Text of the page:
In two days the annual Paris Air Show opens at Le Bourget Airport just outside the French capital. Aviation geeks of all stripes know the event is the biggest and best air show in the world, with just about every airplane you can imagine. And as it has always done, Boeing will be making the flight from Seattle to Paris to show off its newest aircraft, like the 747-8 and the 787 Dreamliner. There, the company will face off with rival Airbus and a number of smaller manufacturers like Bombardier and Embraer.
As part of his Road Trip 2011 CNET's Daniel Terdiman will be on site in Paris early next week to bring you the sights of the show. As a confirmed aviation geek, I'm insanely jealous, much like I envied his trip to the Zeppelin Museum in Friedrichshafen, Germany, last week. Yet, Daniel's European trip also offered me the opportunity to attend Boeing's Paris Air Show Preview in Seattle earlier this month.
Boeing invited journalists to two days of briefings and tours at the company's factories in Everett and Renton, Wash. The tours showed the production lines for the company's 747, 737, 777, 767, and 787 aircraft (I even got to go inside a 747-8 under construction), while the briefings offered an advance scoop on the company's news for the coming week. Much of the information concerns aircraft production rates, delivery schedules, and airliner orders--Boeing is not expected to announce any new aircraft in Paris--but I'll offer a few highlights here. And of course, Daniel will have more insights after the show starts.
After more than three years of delays, Boeing's groundbreaking aircraft will finally be delivered to launch-customer All Nippon Airways in the third quarter of this year. The 787's composite materials, along with a sharper nose and curved, upswept wings, promise greater fuel efficiency, quieter engines, and longer range. It first took to the air in December 2009 and has been performing flight testing and pilot training in the subsequent months.
Currently, 10 test aircraft are undergoing "functionality and reliability" training, which is designed to simulate real-world commercial passenger use. Just as an airline would, Boeing conducts a series of flights within hours of each other. The company also is conducting longer-range "ETOPS" tests (extended twin engine operations) to ensure that the aircraft has enough time and fuel to divert to an airport if one of the engines needs to be shut down. Boeing says it has completed most of the tests necessary for certification by the Federal Aviation Administration. After everything is done, the FAA will then inspect the materials and decide whether to certify the 787 for passenger flights.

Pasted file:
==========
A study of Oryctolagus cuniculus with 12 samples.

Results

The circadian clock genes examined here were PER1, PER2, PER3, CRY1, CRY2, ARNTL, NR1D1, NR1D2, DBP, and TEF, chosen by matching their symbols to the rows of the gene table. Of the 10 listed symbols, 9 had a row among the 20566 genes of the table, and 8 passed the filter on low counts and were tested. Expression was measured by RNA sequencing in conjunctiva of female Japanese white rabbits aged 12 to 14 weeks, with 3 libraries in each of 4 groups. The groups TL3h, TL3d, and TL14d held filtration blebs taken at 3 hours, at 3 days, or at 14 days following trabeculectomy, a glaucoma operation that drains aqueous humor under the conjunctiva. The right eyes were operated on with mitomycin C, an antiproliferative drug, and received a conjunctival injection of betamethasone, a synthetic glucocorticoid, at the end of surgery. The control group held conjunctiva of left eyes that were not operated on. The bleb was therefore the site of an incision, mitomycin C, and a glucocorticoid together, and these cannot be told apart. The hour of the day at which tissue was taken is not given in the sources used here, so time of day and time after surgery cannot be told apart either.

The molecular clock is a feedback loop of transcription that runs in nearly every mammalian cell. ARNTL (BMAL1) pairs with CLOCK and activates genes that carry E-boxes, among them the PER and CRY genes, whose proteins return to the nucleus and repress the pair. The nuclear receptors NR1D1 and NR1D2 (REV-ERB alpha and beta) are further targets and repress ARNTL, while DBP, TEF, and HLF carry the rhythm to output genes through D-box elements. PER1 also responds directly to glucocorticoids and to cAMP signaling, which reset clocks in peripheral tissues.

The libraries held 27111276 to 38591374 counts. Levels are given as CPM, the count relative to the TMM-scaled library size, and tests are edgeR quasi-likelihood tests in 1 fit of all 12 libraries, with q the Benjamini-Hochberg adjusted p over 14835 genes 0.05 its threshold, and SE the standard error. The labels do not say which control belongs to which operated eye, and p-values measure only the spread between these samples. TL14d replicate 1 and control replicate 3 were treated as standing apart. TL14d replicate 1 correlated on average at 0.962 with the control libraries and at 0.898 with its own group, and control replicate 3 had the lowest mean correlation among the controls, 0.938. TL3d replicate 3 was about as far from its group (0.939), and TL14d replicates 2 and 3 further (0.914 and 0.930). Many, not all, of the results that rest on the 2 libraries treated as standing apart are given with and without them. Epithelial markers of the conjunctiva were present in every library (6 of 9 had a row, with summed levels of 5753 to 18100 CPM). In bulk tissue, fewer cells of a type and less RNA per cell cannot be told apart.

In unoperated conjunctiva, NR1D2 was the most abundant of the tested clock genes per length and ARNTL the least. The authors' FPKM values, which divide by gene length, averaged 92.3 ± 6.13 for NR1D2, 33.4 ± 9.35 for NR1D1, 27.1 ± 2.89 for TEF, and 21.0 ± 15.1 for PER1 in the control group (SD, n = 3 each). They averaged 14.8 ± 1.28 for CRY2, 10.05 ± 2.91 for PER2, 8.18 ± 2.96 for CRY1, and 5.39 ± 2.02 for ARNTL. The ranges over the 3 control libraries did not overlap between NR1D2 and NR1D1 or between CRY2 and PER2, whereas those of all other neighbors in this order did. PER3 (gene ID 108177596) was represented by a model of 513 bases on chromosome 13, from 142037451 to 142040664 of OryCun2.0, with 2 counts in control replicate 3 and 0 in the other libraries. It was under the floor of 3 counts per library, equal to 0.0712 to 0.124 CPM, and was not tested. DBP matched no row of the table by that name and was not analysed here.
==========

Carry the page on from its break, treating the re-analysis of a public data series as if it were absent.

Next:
The company's newest member of the iconic 747 family made its first flight last March after an official unveiling weeks earlier. The 747-8 also is undergoing functional and reliability testing with five 747-8 Freighter models and two 747-8 Intercontinental passenger versions.
So far, Boeing has built a total of 20 aircraft and has completed more than 30 percent of flight tests on the Intercontinental model and more than 96 percent of flight tests on the Freighter. Earlier tests revealed some flutter and wing vibration, but the company says those issues have been addressed. Boeing has announced 114 orders, with the first delivery to launch-customer Lufthansa set for later this year.
Of course, I'm guessing you're really here to peruse the photo galleries from the factory tours (indeed, putting the galleries together was my main reason for being in Seattle). So, by all means, please take a look.